John Lenihan - an article from the July 1998 Irish Runner magazine

 

http://ireland.iol.ie/~imra/lenihan98art.html

 

John Lenihan - an article from the July 1998 Irish Runner magazine

By Douglas Barry

 

The Kerry valley of Glounageenty is steeped in legend. Mighty figures in Irish history have left their mark on it and it, in turn, has left its mark on them. Its solitude ensured that the last of the Geraldines - James the 16th Earl of Desmond - eluded Queen Elizabeth's forces during his rebellion in the 1570s. 1916 patriot Roger Casement's ally Monteith also hid there, moving from house to house, after the botched version of the Easter 1916 rising in Kerry.

 

The name Glounageenty means the "glen of the mourning". It probably got its name from the bloody deed that occurred there in 1583. The rebel Earl of Desmond was surprised and captured. His captors dragged off the badly wounded Earl to claim the reward. Worried by his slowness and the nearness of the Earl's followers, the soldiers debated the fact that the reward for a live Earl was double that for a dead one. A soldier called O'Kelly cut the argument - and the Earl - short with a swipe of his sword. The body was left behind and they claimed the reward with the head.

 

But now, mourning has broken. They've been celebrating in the glen for some time. For in Glounageenty lives a legend of the Irish hills - John Lenihan. The former World Champion, winner of the Carrauntoohil race for the past eleven years, four times winner of the Croagh Patrick race, and a multi-time Irish mountain running champion now farms high on the hills there. The amazing Kerryman trains for his record breaking achievements locally. His long haired figure is a familiar sight on the roads and hills that mark the glen and its surroundings of Ballymacelligott and Castleisland.

 

On these training runs he is often joined by his wife Mary - now no mean athlete herself. A Castleisland girl, she met John unsurprisingly on a walk up Carrauntoohil. Things progressed romantically and athletically, and aside from getting married to John, Mary also took up running and became good at it. She finished 7th in the Dublin Mini-Marathon - the biggest women's only race in the world - and even represented Ireland in Edinburgh in the World Mountain Running Championships.

 

Mary likes the race climbs, but candidly admits that she's no expert on the descent. "I've left that to John" She laughs. And undoubtedly, John is a flier on the descent. Seemingly fearless, his effortless plunges down the rockiest of slopes are awe-inspiring to watch. When he won the Croagh Patrick race in mid June, the sightseers and pilgrims burst into spontaneous applause when he swept into view - arms akimbo - on the edge of control. I was watching and the question I was most asked was "Who is that amazing guy?"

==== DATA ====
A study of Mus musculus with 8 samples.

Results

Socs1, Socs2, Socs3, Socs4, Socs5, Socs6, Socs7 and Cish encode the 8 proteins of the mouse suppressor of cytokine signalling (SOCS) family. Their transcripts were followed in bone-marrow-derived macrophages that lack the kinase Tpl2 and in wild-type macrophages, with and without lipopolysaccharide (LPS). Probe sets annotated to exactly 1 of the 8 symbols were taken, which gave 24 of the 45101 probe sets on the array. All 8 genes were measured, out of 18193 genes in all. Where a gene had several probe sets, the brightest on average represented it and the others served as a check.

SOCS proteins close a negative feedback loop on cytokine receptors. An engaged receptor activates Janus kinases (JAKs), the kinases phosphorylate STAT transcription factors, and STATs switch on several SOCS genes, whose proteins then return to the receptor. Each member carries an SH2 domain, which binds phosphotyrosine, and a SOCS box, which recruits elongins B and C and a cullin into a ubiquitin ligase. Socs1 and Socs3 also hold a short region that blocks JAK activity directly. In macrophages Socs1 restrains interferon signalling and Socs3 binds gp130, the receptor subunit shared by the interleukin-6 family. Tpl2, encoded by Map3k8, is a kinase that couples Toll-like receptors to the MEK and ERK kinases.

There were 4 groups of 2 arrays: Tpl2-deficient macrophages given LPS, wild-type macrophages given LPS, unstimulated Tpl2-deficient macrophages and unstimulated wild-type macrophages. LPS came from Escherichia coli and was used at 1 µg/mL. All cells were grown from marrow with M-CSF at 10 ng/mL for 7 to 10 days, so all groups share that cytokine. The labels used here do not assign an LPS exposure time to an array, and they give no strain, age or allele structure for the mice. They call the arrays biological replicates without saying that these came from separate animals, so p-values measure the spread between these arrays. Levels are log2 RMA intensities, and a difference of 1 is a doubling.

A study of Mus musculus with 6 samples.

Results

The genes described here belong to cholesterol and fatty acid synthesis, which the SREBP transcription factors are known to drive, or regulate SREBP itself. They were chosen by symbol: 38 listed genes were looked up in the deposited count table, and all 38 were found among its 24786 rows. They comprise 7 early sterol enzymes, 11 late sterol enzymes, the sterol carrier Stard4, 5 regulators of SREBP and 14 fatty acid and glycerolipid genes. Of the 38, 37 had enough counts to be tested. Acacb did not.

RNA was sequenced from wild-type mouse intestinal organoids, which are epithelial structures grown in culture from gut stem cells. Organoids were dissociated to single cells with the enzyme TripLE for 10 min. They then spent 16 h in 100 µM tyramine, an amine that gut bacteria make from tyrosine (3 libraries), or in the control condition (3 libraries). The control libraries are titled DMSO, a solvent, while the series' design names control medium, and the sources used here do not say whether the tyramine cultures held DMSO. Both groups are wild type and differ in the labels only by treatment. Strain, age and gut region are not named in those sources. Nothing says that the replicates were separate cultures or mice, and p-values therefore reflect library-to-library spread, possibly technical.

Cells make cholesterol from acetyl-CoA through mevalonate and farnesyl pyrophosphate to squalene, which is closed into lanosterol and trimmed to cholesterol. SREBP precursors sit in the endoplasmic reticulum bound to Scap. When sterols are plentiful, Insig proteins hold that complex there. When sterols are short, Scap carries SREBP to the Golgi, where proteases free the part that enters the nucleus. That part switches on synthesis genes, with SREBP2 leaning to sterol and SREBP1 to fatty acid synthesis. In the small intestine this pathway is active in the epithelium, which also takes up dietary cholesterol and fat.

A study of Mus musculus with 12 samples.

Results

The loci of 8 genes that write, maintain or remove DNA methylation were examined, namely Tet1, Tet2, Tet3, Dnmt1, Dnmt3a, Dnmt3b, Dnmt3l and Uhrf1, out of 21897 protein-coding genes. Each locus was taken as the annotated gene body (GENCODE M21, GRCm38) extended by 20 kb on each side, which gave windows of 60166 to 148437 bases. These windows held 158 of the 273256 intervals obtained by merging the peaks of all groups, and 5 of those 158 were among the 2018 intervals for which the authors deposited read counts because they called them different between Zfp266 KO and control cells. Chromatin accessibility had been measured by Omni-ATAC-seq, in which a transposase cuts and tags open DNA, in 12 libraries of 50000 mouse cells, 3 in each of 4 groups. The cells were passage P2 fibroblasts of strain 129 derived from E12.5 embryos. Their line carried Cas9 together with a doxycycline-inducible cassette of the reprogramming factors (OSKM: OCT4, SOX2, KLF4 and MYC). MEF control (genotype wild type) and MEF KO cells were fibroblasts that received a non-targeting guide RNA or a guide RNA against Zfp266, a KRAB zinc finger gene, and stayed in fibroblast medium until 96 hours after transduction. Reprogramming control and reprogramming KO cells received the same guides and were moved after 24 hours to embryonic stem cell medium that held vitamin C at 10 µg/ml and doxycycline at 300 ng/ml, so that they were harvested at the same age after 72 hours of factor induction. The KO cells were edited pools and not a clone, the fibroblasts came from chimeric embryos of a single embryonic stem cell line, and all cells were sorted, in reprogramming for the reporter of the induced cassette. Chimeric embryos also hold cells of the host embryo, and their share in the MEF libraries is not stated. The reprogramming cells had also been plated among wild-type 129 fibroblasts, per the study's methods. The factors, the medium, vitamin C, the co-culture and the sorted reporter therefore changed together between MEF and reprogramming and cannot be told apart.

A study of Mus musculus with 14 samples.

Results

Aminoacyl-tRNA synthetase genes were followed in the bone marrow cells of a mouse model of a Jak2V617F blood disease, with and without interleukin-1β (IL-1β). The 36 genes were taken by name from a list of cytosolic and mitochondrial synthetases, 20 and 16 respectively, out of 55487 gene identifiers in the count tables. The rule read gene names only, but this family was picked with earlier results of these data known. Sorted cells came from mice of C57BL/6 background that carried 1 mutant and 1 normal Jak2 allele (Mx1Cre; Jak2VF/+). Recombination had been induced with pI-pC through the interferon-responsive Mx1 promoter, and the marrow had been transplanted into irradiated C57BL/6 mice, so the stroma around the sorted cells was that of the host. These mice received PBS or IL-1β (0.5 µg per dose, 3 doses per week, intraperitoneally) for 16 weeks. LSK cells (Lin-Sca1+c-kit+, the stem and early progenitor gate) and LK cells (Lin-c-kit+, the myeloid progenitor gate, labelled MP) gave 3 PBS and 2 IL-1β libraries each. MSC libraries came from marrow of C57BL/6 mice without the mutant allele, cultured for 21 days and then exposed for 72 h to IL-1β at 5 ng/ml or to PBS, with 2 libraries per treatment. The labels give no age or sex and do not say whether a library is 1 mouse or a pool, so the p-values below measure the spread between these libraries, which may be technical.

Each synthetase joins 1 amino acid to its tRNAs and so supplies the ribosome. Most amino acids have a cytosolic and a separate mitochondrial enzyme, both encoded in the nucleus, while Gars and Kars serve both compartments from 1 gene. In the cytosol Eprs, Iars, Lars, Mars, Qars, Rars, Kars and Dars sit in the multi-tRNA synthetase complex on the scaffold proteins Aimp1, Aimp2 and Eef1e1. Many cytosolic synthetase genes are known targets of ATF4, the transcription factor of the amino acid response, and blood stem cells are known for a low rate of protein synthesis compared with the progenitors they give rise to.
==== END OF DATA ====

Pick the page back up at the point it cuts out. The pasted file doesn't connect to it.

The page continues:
Lenihan has won all but five of the mountain races he has entered in Ireland. One was his first race in Kerry, the others were early season ones when he wasn't in the best shape. The last race he lost was in the mists of the Dingle peninsula when he and many others went astray on the descent and he finished a bemused 13th. He recced the route the following year and smashed the record by over 2 minutes. This year he has had straight wins on the Nagles, Carrauntoohil for the eleventh time, Doon, Croagh Patrick, Nephin, and the Ballyhouras.

 

His eleventh appearance in the World Mountain Running Championship beckons in September. It's on the sun kissed island of Reunion in the Indian Ocean. This exotic island near Mauritius is dominated by its extinct volcano up which the uphill only course heads to finish on its rim. While John has a preference for up and down courses, he has finished fourth in an uphill race - his first World champs - in Italy in 1986. But his peak achievement was his win, ably backed up by Robin Bryson in 4th, in the Worlds in Zermatt, Switzerland. He led the Irish team which also included Tommy Payne and Eamonn McMahon to the bronze medals.

 

Kerry went wild for John then. Huge bonfires blazed in the streets of Castleisland. A local bard Peter Howarth even penned the following ballad lauding his hero's achievement in the Swiss mountains.

 

"Who is this famous runner that wins every race,

And puts all his competition in disgrace

He has raced all over Ireland, in Britain, and in France

No other athlete ever gets a chance."

 

It goes on for several verses, one of which includes the immortal lines.

 

"When our friend is training, he runs to work and back,

Carrying his sandwiches in a small pack.

And on such a morning while running at his ease,

His bottled milk got shaken up and turned into cheese"

 

Whatever you may think about the song, John Lenihan is still the big cheese both in mountain running and in Glounageenty.